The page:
Why UTIs are a Sign of Oregon Nursing Home Abuse and Neglect

Oregon Nursing Home Abuse Lawyers Explain Why UTIs are a Sign of Oregon Home Abuse and Neglect

 

Usually, urinary tract infections (UTI) are an annoyance and inconvenience.  Rarely does it result in hospitalization, although often times antibiotics are necessary.  But UTIs for elderly patients are completely different.  This is particularly true for residents living in nursing homes who may have serious complications from a UTI which could even be life-threatening.  This includes extreme pain and which could quickly grow into a dangerous infection or sepsis.  These are also common injuries for nursing home residents.  According to government statistics, UTIs are the second most common type of infection in nursing homes, assisted living facilities, and rehabilitation centers.  Hygiene and proper care is a big issue with reducing or preventing UTIs.  Learn why the sign of UTIs in a nursing home could mean there is abuse and neglect from our Oregon nursing hime abuse lawyers.

 

What is a UTI?

 

A UTI is an infection in any part of the urinary system which includes your kidneys, ureters, gladder, and urethra.  A UTI is caused when bacteria enters the urinary tract through the urethra.  The bacteria can then to into the bladder and begin to multiply.  UTIs are more common in women than in men, and more likely as one ages.  This is because the body’s defenses, including in the bladder, get weaker as we get older.

 

Causes of UTIs in Oregon Nursing Homes

 

There are many common causes of UTIs.  Many of these common causes are actually normal.  In fact, almost 5.5% of all nursing homes residents have a UTI at any given time.  This is due to the simple fact that nursing home residents are weaker and likely suffering from other health complications which means their bodies cannot fight off UTIs as well.  Residents also may have difficultly explaining the symptoms they are having and that they may have a UTI.

 

But there are also some other common causes of UTIs.  These common causes are those which are due to the reckless, careless, and negligent care and treatment by nursing home staff.  In fact, nursing home caregivers could even by causing UTIs by the way they treat a resident’s hygienic needs.

 

Some of the most common causes of UTIs in Oregon nursing homes which could be a sign of negligence include the following:

 

  • Improper catheter use – catheter use is one of the most commonly linked causes to UTIs.  This is because a catheter enters the urinary and can introduce bacteria closer to the bladder where the infection begins.  A catheter that is allowed to stay in too long can begin to accumulate matter and become a labor for bacteria.  It also is a direct gateway into the body to cause an infection.  Catheters that are used too long or improperly could result in serious infections.
  • Poor hygienic practice – although UTIs can occur in healthy people and people who use proper hygiene practices, UTIs are more likely where poor hygienic practices are occurring.  In nursing homes, this could mean less frequent hygiene checks by staff members or improper hygienic methods by staff.  Even the direction of wiping to clean residents could result in serious infections.  Staff are expected to know proper hygiene protocol to care for residents.
  • Understaffing – less staff to help care for residents directly translates into less people to help residents care for themselves.  This means that residents could have catheters in longer or sit in unsanitary conditions for longer before being cleaned.  It could also mean less showers and cleaning which could also result in UTIs.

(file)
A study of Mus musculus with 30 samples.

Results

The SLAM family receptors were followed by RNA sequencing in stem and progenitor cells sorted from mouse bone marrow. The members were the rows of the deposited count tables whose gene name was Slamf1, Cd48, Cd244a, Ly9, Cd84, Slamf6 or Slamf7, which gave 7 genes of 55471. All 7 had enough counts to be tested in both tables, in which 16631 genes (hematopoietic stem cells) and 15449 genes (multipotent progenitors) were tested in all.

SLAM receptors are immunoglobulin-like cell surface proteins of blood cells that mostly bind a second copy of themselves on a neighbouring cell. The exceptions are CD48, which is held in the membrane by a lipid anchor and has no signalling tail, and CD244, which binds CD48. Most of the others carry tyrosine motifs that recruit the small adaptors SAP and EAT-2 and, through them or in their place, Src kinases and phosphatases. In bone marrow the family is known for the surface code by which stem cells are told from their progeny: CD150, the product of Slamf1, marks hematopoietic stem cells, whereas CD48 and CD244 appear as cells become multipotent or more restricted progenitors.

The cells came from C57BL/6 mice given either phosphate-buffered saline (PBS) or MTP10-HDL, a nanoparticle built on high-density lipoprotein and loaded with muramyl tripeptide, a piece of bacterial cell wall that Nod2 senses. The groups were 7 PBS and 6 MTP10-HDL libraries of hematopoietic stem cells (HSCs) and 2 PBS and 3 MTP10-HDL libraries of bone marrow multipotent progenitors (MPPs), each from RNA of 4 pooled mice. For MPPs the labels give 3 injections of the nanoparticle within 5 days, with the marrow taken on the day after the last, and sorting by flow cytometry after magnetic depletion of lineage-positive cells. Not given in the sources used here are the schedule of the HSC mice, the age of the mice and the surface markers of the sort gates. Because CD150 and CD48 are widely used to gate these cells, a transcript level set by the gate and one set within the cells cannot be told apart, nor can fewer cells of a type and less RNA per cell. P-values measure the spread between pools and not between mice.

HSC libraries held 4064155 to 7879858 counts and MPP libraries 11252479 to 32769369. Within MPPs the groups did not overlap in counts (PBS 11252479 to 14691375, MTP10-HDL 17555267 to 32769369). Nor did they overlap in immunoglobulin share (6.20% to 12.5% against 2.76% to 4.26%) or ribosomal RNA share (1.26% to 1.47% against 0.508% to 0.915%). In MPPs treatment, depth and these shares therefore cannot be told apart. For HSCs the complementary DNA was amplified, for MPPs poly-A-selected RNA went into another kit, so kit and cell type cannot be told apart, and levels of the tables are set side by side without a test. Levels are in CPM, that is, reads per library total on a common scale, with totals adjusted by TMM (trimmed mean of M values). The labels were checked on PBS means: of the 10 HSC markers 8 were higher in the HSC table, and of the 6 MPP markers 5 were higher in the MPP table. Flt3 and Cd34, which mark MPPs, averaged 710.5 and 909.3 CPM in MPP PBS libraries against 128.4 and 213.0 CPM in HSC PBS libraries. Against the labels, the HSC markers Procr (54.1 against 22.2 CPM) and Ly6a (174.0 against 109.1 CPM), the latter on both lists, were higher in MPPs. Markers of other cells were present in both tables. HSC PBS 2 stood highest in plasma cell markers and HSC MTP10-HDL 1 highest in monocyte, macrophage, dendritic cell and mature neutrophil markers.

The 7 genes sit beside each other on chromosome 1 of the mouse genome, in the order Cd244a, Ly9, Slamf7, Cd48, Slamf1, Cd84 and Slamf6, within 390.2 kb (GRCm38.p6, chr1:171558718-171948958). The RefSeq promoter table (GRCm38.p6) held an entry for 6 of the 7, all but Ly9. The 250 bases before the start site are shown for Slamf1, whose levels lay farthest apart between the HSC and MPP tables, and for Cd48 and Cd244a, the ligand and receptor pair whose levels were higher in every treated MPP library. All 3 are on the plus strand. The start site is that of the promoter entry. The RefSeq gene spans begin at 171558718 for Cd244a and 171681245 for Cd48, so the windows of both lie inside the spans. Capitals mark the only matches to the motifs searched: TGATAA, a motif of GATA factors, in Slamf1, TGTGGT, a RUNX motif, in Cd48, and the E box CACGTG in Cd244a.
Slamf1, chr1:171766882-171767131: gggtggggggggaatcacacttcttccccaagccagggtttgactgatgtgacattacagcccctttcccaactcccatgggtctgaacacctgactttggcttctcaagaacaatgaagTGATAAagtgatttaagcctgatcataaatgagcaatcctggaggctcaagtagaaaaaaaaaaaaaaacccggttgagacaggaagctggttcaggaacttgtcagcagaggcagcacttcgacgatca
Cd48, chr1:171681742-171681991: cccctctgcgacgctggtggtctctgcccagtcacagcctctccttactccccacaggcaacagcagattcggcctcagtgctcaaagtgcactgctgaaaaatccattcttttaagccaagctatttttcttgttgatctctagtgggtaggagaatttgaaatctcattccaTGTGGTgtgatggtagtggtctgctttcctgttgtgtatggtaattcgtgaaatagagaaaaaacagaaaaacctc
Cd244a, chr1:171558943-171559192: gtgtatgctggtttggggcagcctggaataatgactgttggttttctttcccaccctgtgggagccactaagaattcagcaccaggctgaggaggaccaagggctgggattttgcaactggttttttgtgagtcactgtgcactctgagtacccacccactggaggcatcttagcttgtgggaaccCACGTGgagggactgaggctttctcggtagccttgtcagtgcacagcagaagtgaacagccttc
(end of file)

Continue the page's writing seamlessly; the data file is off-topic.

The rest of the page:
• Dehydration – a risk of UTIs is simply a lack hydration.  This not only helps keep mucus membranes high and strong to push back on bacteria, but it also means that a well-hydrated resident will clear an infections by passing urine.  This is important to fight off UTIs.
  • Diabetes management – residents who have diabetes need to be managed correctly because they have a higher risk of getting UTIs due to the higher sugar levels in their urine.  These sugar levels are food for bacteria which can quickly grow and become dangerous UTIs.

 

Did a Resident Have a UTI in an Oregon Nursing Home?  Do UTIs Reoccur or Seem Common at that Facility?  Ask our Oregon Nursing Home Abuse and Neglect Lawyers to Investigate

 

If you or a loved one have been seriously injured or killed as a result of nursing home abuse or neglect contact the Oregon Nursing Home Abuse Lawyers at Kuhlman Law at our number below or fill out the intake form.  We offer a free initial case evaluation and handle cases on a contingency fee which means that you pay no money unless we recover.  

 

Our law firm handles cases throughout the state including Bend and Portland Oregon, Redmond, Central Oregon, Sisters, Madras, Multnomah County, Deschutes County, Salem, Eugene, Corvallis, Lane County, Medford, Gresham, La Grande, Albany, Medford, Beaverton, Umatilla, Pendleton,  Cottage Grove, Florence, Oregon City, Springfield, Keizer, Grants Pass, McMinnville, Tualatin, West Linn, Forest Grove, Wilsonville, Newberg, Roseburg, Lake Oswego, Klamath Falls, Happy Valley, Tigard, Ashland, Milwakie, Coos Bay, The Dalles,  St. Helens, Sherwood, Central Point, Canby, Troutdale, Hermiston, Silverton, Hood River, Newport, Prineville, Astoria, Tillamook, Lincoln City, Hillsboro, and Vancouver, Washington.  

 

We also have an office in Minneapolis, Minnesota and take Nursing Home Abuse cases throughout the Twin Cities, including St. Paul, Hennepin County, Ramsey County, Dakota County, Washington County, Anoka County, Scott County, Blaine, Stillwater, and Saint Paul Minnesota.  

 

Please act quickly, there is a limited time (Statute of Limitations) in which you can bring a claim under the law.